An international team of experts, led by Professor Yasuhiro Oba in Japan analysed samples from Ryugu, an asteroid around 186 million miles (300 million kilometres) from Earth.
The samples were brought to Earth on the Japanese spacecraft Hayabusa2.
The team found uracil, which is a nucleobase – one of the building blocks necessary to form RNA (molecules that contain instructions on how to build and operate living organisms).
The researchers said their findings, published in the journal Nature Communications, add to evidence that important building blocks for life could have been delivered to Earth by meteorites.
Study leader Prof Oba, associate professor at Hokkaido University in Japan, said: “Scientists have previously found nucleobases and vitamins in certain carbon-rich meteorites, but there was always the question of contamination by exposure to the Earth’s environment.
“Since the Hayabusa2 spacecraft collected two samples directly from asteroid Ryugu and delivered them to Earth in sealed capsules, contamination can be ruled out.”
Ryugu belongs to a class of asteroids called carbonaceous, or C-type, asteroids.
As well as uracil, the researchers also detected nicotinic acid – also known as Vitamin B3 or niacin – a key compound involved in metabolism in living organisms, alongside other nitrogen-containing organic compounds.
The researchers extracted these molecules by first soaking the Ryugu particles in hot water.
The team then used various scientific techniques to analyse the chemical composition of these particles.
Prof Oba said that uracil was present in small quantities (between 6–32 parts per billion), while vitamin B3 was more abundant (around 49–99 parts per billion).
He added: “Other biological molecules were found in the sample as well, including a selection of amino acids, amines and carboxylic acids, which are found in proteins and metabolism, respectively.”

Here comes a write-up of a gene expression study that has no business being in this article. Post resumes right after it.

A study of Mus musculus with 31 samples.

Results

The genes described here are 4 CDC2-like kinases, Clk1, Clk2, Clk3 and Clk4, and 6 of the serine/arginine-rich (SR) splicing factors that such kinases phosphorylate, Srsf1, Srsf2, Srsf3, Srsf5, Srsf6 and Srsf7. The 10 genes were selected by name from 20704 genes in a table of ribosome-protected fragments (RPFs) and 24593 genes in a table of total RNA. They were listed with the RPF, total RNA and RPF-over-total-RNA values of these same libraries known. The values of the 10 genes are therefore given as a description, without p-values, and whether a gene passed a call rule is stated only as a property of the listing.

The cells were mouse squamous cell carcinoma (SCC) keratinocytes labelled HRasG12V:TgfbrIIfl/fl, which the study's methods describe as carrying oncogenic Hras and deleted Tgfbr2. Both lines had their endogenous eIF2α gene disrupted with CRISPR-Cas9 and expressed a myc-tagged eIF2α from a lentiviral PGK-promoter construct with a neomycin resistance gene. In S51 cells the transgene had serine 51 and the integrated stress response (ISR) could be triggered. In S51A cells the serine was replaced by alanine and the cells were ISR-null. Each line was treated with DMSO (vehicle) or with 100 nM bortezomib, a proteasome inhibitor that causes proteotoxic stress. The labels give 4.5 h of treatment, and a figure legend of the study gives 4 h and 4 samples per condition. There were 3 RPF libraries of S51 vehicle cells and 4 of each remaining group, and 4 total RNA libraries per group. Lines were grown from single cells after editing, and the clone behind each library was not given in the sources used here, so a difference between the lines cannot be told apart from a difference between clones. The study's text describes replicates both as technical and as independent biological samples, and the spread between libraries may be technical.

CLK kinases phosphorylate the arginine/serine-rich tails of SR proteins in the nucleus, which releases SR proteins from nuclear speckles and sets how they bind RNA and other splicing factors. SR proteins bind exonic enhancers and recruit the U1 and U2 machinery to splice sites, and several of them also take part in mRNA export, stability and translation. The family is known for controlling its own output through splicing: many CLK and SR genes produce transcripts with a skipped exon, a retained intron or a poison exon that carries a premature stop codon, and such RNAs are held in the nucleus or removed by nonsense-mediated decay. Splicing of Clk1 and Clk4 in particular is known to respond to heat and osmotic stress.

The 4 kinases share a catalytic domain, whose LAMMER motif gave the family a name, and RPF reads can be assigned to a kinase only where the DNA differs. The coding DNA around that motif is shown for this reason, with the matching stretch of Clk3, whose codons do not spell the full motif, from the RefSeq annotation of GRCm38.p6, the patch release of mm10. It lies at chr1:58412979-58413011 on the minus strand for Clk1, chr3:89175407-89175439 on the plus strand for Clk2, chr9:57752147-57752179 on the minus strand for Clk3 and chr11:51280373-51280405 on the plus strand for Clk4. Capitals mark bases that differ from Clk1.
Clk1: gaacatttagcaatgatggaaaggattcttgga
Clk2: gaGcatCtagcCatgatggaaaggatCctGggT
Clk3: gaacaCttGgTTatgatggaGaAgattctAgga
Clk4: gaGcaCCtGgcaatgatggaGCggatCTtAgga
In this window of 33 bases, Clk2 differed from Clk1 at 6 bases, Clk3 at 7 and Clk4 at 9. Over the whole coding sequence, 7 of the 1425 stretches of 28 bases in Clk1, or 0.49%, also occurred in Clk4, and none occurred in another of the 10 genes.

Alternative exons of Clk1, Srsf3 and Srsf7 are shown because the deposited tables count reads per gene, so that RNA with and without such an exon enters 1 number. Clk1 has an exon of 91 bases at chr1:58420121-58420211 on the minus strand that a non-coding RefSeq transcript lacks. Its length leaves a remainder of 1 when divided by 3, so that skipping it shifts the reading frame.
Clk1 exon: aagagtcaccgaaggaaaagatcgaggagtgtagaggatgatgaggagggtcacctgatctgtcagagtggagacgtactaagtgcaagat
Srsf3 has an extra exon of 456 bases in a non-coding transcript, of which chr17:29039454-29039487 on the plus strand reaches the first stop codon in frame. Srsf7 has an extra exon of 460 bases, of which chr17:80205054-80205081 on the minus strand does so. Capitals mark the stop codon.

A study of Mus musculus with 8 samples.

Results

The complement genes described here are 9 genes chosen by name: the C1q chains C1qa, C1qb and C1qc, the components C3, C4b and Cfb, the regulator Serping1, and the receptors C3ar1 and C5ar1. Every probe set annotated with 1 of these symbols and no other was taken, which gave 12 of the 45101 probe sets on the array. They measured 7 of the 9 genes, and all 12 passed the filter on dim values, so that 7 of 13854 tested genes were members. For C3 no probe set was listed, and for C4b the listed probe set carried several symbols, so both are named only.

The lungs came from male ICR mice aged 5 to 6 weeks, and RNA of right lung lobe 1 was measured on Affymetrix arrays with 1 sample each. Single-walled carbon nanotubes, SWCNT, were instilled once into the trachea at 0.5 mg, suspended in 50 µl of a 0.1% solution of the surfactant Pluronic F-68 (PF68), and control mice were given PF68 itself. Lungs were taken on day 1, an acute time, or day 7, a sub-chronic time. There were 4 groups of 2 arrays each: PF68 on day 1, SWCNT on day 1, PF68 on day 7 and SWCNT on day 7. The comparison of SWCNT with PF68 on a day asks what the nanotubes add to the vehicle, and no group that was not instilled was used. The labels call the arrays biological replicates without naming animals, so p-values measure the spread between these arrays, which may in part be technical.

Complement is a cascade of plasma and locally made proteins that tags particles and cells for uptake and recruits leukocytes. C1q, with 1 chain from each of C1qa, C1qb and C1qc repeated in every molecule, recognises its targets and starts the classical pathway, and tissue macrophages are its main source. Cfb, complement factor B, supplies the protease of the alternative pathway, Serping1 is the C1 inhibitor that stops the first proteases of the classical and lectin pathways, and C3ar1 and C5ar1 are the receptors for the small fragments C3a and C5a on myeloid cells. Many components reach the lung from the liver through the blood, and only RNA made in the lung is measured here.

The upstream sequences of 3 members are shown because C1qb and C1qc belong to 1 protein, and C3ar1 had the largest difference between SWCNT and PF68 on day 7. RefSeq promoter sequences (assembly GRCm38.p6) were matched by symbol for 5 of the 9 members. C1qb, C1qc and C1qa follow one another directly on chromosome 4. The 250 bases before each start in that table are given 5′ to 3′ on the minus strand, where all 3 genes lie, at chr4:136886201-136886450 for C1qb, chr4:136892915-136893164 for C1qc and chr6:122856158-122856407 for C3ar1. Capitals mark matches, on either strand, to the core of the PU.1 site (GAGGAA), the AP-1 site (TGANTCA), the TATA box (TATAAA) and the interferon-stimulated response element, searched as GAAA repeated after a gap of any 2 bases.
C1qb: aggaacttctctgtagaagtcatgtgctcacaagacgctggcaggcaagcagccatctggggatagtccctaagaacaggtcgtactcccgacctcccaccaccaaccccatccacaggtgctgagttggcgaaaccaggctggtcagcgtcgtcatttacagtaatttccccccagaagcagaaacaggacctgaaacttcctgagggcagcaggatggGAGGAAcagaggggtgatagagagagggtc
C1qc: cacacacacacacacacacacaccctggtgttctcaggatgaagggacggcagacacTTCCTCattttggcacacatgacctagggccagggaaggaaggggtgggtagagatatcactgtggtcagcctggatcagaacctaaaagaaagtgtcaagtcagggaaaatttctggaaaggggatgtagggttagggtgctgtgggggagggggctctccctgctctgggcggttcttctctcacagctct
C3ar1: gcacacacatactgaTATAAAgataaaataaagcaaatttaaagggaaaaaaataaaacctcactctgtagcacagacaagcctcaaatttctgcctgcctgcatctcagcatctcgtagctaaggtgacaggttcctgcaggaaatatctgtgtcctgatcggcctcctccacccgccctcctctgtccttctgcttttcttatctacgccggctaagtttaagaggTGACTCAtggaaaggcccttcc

Last month, findings from the first Ryugu sample also revealed the presence of organic molecules, including amino acids.
However, it did not include any RNA or DNA (molecules that carry genetic instructions in living organisms) components.
Prof Oba and his colleagues believe that the difference in concentrations in the two samples is maybe because they were collected from two different landing sites on Ryugu, which are thought to have different histories.
He said: “The discovery of uracil in the samples from Ryugu lends strength to current theories regarding the source of nucleobases in the early Earth.”
Meanwhile, scientists are also waiting to receive samples from another asteroid – Bennu – which is due to return this year as part of Nasa’s OSIRIS-REx mission.
Commenting on the findings, Professor Mark Sephton at Imperial College London, who was not involved in the study, said: “Uracil is one of the building blocks of life and is found in RNA.
“The presence of nitrogen heterocycles in a fresh sample of the carbonaceous asteroid Ryugu is evidence that the starting materials for life were widespread in the early solar system.
“Similar materials would have rained down on the early Earth and could have helped trigger the start of our planet’s biosphere.”